Michael-Allan Marion
Brantford Expositor
Local News - Thursday, June 15, 2006 @ 01:00

[SISIS note: The following mainstream news article is provided for reference only, as an example of how mainstream media treats indigenous resistance to genocide. Mainstream media often presents biased and distorted information, lacking pertinent facts and/or context. Inclusion of this article on our site should not be considered an endorsement by SISIS.]

Brantford has begged off playing official host to a meeting in the city today of top-level civic administrators from seven municipalities in the Grand River watershed to talk about notification issues concerning development.

City council declined an invitation from the Ministry of Municipal Affairs last week to play host out of concerns that Six Nations officials weren't being included in the gathering.

Instead, the ministry will host the meeting, billed as a "provincial-municipal-First Nations workshop," in a Laurier Brantford building.

Ministry spokesman Scott McLeod confirmed Wednesday that the meeting will be attended by seven municipalities - Haldimand, Brant County, Brantford, Waterloo, Kitchener, Waterloo Region and Norfolk County - along with the Grand River Conservation Authority.

MacLeod said he had been informed of city council's refusal to accept the host invitation, but hadn't yet seen anything formal.

He also said that an arrangement has been made that an archeological consultant who has years of experience dealing with native issues will be bringing someone from Six Nations to the meeting, but he didn't know who that would be.

Brant MPP Dave Levac, who is playing a behind-the-scenes role in the ongoing Caledonia land claims dispute, said today's get-together is meant to be an exploratory, educational meeting.

"We want to be proactive to assist municipalities in understanding land issues in the Haldimand Tract (the area of six miles on either side of the Grand River that was original given to Six Nations)," he said.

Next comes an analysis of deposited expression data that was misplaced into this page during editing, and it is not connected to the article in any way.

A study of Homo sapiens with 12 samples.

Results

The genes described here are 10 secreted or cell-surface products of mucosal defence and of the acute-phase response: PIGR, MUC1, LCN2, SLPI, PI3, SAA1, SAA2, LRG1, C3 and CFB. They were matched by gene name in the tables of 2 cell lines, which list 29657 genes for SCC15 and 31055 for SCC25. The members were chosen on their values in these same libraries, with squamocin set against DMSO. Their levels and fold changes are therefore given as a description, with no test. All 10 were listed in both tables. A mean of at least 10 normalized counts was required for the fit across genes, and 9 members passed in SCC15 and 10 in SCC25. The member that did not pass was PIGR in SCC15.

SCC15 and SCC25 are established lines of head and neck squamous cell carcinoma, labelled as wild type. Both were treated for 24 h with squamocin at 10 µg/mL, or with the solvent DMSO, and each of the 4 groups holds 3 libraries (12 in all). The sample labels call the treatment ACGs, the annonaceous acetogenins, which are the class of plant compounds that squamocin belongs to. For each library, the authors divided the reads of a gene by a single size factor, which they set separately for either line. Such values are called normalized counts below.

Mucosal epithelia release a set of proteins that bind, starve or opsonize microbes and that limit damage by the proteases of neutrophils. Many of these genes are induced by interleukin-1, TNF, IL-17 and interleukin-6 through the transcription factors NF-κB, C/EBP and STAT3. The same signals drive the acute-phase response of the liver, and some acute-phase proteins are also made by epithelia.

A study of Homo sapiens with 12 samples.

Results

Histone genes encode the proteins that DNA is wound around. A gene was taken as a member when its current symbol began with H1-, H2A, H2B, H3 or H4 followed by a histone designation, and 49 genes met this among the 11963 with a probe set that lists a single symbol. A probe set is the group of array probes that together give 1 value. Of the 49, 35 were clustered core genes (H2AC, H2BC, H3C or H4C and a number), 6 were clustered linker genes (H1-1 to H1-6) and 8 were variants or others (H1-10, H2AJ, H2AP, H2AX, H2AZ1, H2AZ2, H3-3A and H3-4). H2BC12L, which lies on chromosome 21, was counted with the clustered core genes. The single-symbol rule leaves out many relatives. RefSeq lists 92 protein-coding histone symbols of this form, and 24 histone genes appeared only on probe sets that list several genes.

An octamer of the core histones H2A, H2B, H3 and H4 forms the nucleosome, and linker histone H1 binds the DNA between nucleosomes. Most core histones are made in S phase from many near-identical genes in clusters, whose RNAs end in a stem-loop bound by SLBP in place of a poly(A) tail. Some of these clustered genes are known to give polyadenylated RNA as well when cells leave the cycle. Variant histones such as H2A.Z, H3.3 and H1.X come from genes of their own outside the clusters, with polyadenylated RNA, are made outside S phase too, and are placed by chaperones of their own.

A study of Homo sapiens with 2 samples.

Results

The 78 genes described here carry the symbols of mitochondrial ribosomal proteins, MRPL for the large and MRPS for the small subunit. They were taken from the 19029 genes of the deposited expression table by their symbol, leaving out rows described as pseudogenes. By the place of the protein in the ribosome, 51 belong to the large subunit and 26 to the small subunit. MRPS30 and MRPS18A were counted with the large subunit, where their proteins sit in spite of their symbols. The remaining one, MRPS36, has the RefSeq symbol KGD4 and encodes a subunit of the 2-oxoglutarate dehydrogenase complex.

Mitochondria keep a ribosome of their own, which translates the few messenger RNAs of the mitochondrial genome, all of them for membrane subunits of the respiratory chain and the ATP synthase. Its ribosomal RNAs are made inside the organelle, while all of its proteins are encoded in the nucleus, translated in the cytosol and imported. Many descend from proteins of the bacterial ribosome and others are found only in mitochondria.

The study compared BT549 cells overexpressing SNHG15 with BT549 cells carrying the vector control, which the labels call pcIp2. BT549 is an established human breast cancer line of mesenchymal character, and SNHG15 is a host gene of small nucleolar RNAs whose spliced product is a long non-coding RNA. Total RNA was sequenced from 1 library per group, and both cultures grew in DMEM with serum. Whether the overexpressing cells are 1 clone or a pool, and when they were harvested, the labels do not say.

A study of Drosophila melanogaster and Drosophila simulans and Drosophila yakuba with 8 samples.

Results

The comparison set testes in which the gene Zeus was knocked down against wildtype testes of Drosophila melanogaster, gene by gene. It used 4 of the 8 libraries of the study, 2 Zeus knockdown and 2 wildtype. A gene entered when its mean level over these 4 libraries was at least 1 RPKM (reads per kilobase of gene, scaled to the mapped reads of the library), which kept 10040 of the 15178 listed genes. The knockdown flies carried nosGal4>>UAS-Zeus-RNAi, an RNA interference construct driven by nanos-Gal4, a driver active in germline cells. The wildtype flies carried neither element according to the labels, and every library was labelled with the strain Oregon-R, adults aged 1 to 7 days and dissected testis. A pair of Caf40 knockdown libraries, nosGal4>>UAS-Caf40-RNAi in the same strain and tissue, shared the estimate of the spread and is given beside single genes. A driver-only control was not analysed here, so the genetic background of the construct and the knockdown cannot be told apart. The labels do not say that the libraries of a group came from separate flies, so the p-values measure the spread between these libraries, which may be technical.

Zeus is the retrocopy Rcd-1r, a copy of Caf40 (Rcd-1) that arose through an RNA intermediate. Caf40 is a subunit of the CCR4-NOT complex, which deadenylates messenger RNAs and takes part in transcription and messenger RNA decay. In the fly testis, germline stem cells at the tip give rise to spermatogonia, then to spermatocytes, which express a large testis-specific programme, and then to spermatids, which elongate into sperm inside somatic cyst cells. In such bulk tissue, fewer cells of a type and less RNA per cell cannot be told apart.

"I understand the concerns of city councillors, but I can assure you the meeting is not to create more friction but to open the doors."

Notification of parties in the Grand watershed concerning development and land-use proposals are important concerns in matters concerning native issues.

The occupation, which natives call a "land reclamation," at the Douglas Creek Estates development in Caledonia began over a dispute concerning Confederacy claims of not being properly notified or consulted.

A Confederacy member has also recently launched an appeal to the Ontario Municipal Board over Brantford council's approval of a major power centre at Wayne Gretzky Parkway and Henry Street. Again, the main grounds for appeal are an alleged failure by the developer and the city to notify the Confederacy about the development application.

Last week, city councillors were called to a special closed-door meeting, where they were informed by CAO John Brown that he had received a call asking the city to host a meeting that would be attended only by CAOs and top planning officials from Grand River municipalities. The purpose of the meeting was to discuss regulations and issues concerning notification of interested municipalities and other organizations concerning development in the watershed.

Council passed a resolution saying the city would not agree to play host but wouldn't object to the meeting being held in Brantford.

Over the past two days, several councillors have been stating openly why they didn't want Brantford to host the meeting.

"The way it was presented to us, the whole approach bothered me because it looked like we were all gathering the wagons in a circle against the natives," said Coun. Richard Carpenter.

"Ohsweken is a community along the Grand and we should want to hear from them. They're our immediate neighbours. To have a meeting without them would be like me inviting all the neighbours on my block to talk about my next-door neighbour without him being present.

"I didn't want us to jeopardize our good relationship with Six Nations."

Coun. Marguerite Ceschi-Smith also didn't like what she heard.

"If the focus is on land, notification and development, I don't know why we wouldn't invite our neighbours at Six Nations," she said Wednesday.

"The Confederacy and the elected council should be at the table. If I was them I'd be upset. We're all members of the Grand River family. We all share the same space. We need to hear all the perspectives."

Mayor Mike Hancock said he was "taken aback" at the request.

"There was a big question mark then as to the purpose of the meeting, and there still is," he said.

But Brantford should be willing to do anything it can, he added, to facilitate solutions to issues concerning its neighbours.